Nur-Sultan History, part 3
The Nur-Sultan region and north Kazakhstan have tremendous development prospects for mining, in particular with reserves of industrial diamonds, tin, zirconium, uranium and gold. The transfer of the country's capital to Nur-Sultan is sure to have synergies on neighbouring industrially developed Karagandy, Pavlodar, East Kazakhstan and Kostanay regions. In addition it will boost local entrepreneurship and business through the creation of foreign companies' headquarters, branches of major banks and eventually their headquarters.
The country's administration moving to Nur-Sultan by 1999 will create an influx of experts improving management, information, technical and technological expertise and trade. All this will promote business both in Akmola and its suburbs. The local market in the capital will become more diversified with a higher capacity and goods and services will grow. In short Nur-Sultan will consolidate its international position for trading agricultural goods. Agriculture, stocks and shares, currencies, banking, insurance and transport, permanent fairs and exhibitions will see a sustained development and there are also good prospects for transport and trade facilities.
Nur-Sultan is to become an important cultural and scientific center for Kazakhstan. New infrastructure will be building including a branch of the National Academy of Sciences, new educational establishments, a national library, a national museum, a modern art gallery, a center for socioeconomic technologies, a business center, a children's park, an aqua park, as well as various cultural venues and healthcare establishments. Nur-Sultan's population is growing particularly due to the expansion of transport, communication and public utilities and services. It is only natural to expect a country-wide redistribution of manpower, particularly highly qualified workforce. The new capital will eventually become the center of education, culture and public service currently concentrated in Nur-Sultan. According to preliminary estimates the population of Nur-Sultan may rise to 450,000 by 2005 and 550,000 by 2030.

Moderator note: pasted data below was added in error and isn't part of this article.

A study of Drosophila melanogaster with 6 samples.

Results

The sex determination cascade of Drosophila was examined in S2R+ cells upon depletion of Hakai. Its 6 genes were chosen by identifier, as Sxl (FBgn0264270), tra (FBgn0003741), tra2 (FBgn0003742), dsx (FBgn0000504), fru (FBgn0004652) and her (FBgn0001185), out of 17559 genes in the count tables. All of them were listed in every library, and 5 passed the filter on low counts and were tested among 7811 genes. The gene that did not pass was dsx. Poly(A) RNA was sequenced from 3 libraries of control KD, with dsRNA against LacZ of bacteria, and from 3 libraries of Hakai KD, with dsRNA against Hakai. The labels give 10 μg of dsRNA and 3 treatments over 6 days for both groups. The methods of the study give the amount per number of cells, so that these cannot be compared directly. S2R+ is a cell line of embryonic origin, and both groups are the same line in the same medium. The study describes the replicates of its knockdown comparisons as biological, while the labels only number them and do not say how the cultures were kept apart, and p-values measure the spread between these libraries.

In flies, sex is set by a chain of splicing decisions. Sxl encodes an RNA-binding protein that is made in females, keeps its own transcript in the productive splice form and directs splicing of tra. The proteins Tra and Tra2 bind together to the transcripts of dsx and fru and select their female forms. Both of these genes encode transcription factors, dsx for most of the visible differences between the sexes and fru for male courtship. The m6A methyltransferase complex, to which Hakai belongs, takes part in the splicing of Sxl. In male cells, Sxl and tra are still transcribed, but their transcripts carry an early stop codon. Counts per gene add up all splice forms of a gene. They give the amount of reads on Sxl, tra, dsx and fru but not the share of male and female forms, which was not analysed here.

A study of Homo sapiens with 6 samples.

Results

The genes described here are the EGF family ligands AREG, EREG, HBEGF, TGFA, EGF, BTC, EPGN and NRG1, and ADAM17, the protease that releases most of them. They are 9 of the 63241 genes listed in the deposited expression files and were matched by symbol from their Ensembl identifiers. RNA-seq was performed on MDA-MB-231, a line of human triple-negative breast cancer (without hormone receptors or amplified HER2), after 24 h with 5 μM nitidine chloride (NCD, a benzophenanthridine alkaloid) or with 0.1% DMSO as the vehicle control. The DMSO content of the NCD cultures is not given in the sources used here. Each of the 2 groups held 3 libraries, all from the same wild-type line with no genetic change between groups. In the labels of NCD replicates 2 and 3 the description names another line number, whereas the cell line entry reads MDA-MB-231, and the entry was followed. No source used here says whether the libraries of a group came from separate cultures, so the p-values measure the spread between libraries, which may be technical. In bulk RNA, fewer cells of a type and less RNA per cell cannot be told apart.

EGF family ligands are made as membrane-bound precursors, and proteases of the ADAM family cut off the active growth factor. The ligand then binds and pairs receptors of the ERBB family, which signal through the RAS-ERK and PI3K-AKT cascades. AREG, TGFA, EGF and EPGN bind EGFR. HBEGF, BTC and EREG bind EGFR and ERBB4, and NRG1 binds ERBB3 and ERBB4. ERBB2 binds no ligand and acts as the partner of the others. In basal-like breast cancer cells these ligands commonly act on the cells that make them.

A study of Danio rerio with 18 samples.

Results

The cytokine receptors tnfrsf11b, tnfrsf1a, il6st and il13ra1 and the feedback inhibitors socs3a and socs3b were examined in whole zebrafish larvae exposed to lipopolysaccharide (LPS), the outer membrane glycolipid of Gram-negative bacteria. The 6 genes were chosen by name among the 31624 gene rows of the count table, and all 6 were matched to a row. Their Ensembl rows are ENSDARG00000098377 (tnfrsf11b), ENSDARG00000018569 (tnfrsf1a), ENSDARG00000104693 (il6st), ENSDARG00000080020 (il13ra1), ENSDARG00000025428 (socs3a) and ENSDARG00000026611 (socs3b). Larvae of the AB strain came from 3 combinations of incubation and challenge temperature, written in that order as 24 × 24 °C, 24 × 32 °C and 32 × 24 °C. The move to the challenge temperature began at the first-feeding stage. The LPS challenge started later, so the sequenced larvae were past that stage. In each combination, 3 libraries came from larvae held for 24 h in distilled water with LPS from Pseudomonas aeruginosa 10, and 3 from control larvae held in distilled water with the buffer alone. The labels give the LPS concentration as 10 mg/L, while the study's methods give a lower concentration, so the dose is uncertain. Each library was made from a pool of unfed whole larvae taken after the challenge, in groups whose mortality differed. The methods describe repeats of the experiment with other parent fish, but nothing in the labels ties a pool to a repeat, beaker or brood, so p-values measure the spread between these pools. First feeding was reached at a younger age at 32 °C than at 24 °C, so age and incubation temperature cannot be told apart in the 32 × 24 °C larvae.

To develop the economic potential of the region, attract foreign investors to Kazakhstan and encourage their participation in the economic development of the capital Nur-Sultan was declared a special economic zone in 1997.
Firstly Nur-Sultan is a customs-free zone. Any person or organisation engaged in business activities within the city's territory can import goods duty- and tax-free.
Secondly, goods manufactured on the territory of the special economic zone are exempted from customs duties when exported.
And thirdly, a favourable taxation regime applies to construction and maintenance of real estates. Nearly 18 billion Tenge were invested in the fixed assets of Nur-Sultan city in 1997, including Turkish, Israeli, Italian and other foreign investments. Kazakhstan businessmen are no less active investors. They include firms such as Astana-holding, Raimbek, Accept and Diamond. A special plan to rehabilitate and develop the economic potential of the new capital's region has been elaborated and is being implemented.
Local companies are seeing results through mastering new technologies and installing up-to-date production lines. Major industrial giants which - in their former obsolete condition were below the new economic standards are being restructured and split up and new enterprises created to manufacture household appliances, provide spare parts and maintenance of agricultural equipment or self-contained power supply equipment operating on liquid fuel. A huge construction project for housing was also launched. In 1997 the volume of construction was worth 14 billion tenge, six times the 1996 level. No less advanced is the programme for developing telecommunications aiming to provide as many as 30 handsets per 100 residents in Nur-Sultan by 2010.